China will soon begin fingerprinting all foreigners entering the country, with a pilot project beginning in the southern city of Shenzhen from Friday.
The new regulation will be gradually implemented at all entry points across the country this year, starting from Shenzhen Baoan International Airport.
The US, France and Japan are among other countries which fingerprint all foreigners entering their territory.
“In 2017, exit-entry departments across the country will begin to collect the fingerprints of foreign nationals aged between 14 and 70. Those holding diplomatic passports or under reciprocal conditions are exempted,” official Xinhua news agency reported on Thursday.
“Collection of biometric data, including fingerprints, is an important border control measure that has been adopted by several countries in the world...China's exit-entry departments will strive to improve the efficiency of entry clearance,” the report added.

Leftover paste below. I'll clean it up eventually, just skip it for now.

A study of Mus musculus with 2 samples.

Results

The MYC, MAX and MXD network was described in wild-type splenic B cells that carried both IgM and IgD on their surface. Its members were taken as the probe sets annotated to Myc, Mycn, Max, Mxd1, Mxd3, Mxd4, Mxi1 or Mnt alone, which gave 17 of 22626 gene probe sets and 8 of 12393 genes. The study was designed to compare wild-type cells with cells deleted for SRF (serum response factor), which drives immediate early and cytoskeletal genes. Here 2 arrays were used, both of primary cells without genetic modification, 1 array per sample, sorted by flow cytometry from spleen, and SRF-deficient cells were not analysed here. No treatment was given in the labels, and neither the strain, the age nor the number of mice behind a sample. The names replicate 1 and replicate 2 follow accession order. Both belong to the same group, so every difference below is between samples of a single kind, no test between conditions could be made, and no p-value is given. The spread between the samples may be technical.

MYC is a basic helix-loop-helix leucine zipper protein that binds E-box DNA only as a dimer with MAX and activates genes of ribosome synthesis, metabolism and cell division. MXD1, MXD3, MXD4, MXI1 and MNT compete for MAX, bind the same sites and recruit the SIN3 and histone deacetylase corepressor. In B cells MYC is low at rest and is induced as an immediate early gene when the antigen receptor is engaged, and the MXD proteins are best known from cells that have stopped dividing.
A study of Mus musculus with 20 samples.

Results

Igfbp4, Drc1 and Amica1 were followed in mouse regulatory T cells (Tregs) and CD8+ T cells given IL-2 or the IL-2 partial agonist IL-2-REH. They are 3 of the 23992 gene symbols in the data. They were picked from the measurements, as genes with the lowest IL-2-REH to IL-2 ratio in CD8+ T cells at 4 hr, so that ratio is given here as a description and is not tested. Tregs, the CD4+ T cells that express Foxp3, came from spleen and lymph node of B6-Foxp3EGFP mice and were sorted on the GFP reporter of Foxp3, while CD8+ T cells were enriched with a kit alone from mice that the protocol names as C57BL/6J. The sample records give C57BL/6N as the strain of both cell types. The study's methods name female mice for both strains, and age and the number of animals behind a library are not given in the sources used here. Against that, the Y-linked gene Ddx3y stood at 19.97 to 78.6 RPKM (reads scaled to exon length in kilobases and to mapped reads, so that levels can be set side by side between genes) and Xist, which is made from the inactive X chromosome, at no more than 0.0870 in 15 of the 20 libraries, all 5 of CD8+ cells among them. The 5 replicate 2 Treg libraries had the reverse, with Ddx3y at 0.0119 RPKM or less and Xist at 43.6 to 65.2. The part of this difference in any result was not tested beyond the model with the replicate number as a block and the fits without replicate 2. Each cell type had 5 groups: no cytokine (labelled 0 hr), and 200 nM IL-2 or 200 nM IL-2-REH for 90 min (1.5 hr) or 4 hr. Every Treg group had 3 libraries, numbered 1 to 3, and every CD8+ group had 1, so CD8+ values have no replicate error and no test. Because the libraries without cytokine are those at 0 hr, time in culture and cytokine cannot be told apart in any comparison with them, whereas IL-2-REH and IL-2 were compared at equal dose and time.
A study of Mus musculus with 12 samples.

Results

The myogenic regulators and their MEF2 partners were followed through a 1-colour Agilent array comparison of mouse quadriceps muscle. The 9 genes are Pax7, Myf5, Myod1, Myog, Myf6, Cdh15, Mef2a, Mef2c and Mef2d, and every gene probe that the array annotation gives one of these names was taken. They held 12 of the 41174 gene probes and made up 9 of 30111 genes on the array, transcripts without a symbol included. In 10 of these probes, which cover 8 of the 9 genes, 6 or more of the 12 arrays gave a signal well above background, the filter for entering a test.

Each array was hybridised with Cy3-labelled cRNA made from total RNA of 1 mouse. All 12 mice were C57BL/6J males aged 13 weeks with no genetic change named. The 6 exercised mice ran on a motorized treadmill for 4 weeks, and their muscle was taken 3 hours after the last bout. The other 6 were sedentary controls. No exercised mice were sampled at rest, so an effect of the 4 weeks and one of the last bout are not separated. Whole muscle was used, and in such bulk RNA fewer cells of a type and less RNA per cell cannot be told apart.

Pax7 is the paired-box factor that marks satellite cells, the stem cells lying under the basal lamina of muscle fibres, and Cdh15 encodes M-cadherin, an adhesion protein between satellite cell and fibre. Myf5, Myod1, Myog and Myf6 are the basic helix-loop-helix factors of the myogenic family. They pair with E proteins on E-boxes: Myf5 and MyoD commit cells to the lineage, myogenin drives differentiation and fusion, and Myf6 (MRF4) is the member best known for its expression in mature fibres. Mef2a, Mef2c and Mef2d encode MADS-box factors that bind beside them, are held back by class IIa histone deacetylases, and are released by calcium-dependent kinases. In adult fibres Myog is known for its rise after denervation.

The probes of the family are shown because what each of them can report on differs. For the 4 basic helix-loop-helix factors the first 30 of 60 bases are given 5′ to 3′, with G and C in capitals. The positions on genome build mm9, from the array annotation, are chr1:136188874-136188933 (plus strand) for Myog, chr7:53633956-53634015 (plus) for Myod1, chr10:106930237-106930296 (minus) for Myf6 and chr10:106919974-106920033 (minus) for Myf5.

It is not clear whether foreigners already residing in China will be fingerprinted when, say, they return to the country from work or a holiday abroad.
China had been toying with the idea of fingerprinting foreigners entering the country for some years.
A draft law on entry and exit procedures, which allowed the ministry of public security and the foreign ministry to gather biological identification data such as fingerprints from foreign visitors, was first discussed in 2011.
State-controlled China Daily had then reported the rules would apply to foreigners seeking residence visas, businessmen, foreign journalists and many students.
The new law could be aimed at introducing a more reliable identification system and reducing the chances of counterfeiting identities, state media had reported.
Authorities were working for the past few years to ready the technology and logistics needed to implement the new rule.
The Beijing Youth Daily reported in 2015 that the ministry of public security had invited manufacturers of fingerprint readers to bid for equipment.
It mentioned the minimum requirements were that the manufacturers must be registered in China and be Chinese-owned or controlled.